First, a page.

Branch: Merchant Marine
Rank: Able-bodied Seaman
Status: Lost at sea
Date of Service: WWI
Home Town: Copley Township
Newpaper article about the S S Lake City and S S James McGee collision
Julius Norby was born December 1, 1892 in Leonard, North Dakota to parents Aslak J. and Anna P. Norby. Aslak was a Norwegian immigrant who had come to the United States at age 15 and stayed in the home of an uncle and aunt in Goodhue County for a few years. There he met and married Anna Brandvold in 1891. They moved to North Dakota in a covered wagon and farmed there a few years before moving back to Minnesota. The year was 1902 when Aslak, Anna and six of their children moved to a 40-acre farm in Section 1 of Copley Township in Clearwater County, where they farmed for 32 years. Julius was born second among siblings Ida (1891), Peter (1894), Anna (1896), twins Rasmus and Avle (1899) and Alice (1907).
Julius attended school through the eighth grade and then went to work for his father on the home farm. He was a tall young 24-year-old with hazel eyes and brown hair when he registered for the draft on June 5, 1917.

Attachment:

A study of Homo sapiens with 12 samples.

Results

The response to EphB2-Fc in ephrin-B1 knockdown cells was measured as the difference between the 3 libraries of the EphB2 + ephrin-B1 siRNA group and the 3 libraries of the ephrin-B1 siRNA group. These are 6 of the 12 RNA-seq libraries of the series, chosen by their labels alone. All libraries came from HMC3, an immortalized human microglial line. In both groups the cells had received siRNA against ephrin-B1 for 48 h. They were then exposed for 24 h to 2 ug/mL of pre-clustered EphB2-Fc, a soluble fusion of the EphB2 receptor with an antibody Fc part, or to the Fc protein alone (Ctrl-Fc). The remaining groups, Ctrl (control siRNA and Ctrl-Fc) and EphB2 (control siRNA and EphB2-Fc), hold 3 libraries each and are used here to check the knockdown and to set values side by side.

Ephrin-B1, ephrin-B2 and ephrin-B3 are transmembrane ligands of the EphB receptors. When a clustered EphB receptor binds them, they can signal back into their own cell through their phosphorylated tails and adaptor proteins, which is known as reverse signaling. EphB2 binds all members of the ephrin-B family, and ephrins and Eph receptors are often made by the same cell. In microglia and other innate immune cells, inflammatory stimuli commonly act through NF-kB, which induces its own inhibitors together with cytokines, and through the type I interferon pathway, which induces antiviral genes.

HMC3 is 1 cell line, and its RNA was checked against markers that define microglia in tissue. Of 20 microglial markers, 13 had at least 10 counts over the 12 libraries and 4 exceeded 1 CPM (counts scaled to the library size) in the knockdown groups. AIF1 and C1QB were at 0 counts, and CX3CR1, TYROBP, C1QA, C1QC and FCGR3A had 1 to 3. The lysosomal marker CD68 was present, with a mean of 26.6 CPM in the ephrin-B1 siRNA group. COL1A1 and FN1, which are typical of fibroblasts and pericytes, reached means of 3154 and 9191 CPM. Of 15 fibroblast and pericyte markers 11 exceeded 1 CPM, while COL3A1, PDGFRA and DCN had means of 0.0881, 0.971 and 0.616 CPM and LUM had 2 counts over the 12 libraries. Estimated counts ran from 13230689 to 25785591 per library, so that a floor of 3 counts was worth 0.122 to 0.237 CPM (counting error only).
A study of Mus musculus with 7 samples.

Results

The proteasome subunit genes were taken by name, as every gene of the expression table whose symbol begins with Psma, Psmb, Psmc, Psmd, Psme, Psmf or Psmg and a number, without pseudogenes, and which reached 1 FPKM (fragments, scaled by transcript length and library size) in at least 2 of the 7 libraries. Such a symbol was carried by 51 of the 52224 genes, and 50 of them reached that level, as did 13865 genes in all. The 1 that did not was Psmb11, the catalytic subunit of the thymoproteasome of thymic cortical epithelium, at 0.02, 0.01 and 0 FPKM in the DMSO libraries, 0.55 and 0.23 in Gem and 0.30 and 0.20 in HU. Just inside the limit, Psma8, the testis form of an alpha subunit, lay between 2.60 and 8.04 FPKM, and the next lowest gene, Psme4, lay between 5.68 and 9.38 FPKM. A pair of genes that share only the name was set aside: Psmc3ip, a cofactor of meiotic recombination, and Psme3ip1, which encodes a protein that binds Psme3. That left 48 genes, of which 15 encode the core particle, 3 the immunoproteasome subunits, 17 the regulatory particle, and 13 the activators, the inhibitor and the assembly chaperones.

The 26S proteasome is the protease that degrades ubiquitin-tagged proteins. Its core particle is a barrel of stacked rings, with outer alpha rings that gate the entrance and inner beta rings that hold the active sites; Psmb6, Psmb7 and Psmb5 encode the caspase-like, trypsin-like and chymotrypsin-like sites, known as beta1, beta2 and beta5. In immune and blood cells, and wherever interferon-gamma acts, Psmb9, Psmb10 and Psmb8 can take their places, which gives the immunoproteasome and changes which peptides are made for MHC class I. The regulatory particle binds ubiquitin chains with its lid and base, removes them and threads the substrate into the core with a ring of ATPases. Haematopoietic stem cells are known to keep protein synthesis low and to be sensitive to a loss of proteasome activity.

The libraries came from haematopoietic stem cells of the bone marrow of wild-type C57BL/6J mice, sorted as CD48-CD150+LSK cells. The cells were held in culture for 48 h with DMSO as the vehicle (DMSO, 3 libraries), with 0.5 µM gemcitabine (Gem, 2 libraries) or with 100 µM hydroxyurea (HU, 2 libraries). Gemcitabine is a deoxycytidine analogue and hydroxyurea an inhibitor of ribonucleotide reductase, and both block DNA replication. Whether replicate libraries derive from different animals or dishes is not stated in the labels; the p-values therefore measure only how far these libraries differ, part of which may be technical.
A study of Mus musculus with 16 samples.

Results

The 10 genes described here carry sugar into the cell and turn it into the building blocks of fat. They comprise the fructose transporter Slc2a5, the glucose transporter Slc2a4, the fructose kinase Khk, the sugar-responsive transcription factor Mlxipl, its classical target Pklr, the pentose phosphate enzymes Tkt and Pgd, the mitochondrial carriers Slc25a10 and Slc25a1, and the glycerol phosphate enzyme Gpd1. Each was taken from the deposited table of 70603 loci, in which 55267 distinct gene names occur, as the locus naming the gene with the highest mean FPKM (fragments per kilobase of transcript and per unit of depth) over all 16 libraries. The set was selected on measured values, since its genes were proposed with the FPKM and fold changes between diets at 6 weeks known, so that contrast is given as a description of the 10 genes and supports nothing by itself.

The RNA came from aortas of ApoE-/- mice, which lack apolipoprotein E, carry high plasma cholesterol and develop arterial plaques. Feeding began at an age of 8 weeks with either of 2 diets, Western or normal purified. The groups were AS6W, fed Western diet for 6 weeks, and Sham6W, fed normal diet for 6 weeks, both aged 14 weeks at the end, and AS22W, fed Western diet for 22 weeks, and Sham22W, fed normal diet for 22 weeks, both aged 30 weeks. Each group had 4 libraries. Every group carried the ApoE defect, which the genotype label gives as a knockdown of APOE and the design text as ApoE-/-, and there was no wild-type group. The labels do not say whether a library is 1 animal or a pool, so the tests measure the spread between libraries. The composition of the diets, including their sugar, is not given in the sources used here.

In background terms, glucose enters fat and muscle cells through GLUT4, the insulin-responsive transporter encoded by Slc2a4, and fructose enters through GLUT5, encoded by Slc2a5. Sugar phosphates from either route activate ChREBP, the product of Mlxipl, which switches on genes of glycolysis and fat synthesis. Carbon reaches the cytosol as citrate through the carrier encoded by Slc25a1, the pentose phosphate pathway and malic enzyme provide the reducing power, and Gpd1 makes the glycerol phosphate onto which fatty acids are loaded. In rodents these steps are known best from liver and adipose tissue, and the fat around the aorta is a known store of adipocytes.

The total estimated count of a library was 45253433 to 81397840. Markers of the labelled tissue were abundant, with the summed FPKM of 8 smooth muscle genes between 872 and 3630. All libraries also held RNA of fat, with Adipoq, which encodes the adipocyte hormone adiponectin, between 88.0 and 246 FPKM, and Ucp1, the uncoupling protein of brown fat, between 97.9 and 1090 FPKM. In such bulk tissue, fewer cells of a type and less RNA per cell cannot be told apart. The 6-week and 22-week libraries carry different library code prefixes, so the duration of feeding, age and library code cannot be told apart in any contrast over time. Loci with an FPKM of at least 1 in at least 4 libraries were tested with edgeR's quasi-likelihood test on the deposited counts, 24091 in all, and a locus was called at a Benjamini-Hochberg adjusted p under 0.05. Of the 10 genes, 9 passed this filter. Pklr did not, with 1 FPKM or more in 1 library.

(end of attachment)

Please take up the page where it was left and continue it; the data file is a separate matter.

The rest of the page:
Julius decided to join the Merchant Marine to help out his country. The Merchant Marine primarily transports cargo and passengers during peacetime, but in times of war, the Merchant Marine becomes an auxiliary to the United States Navy and delivers military personnel and materiel for the military.
Julius was aboard the S S Lake City, an American cargo steamer, when it collided with the S S James McGee near Key West Florida on October 3, 1918. The McGee, a steamship built by Maryland Steel Co. in 1917, was the property of the Standard Oil Company with a home port in New York City. The Lake City was on course east by north and the McGee on course west by south. The Lake City made out the McGee’s green light two points off the port bow, but the latter’s masthead light was on Lake City’s starboard bow. Even though the Lake City was a large vessel of 3,500 gross tons, it foundered and sank. The McGee was not seriously damaged and proceeded to port. The Lake City was cut in two and went down in three minutes with 30 of its 35 crew members. Among the lost mariners was Julius Norby. His body was never recovered.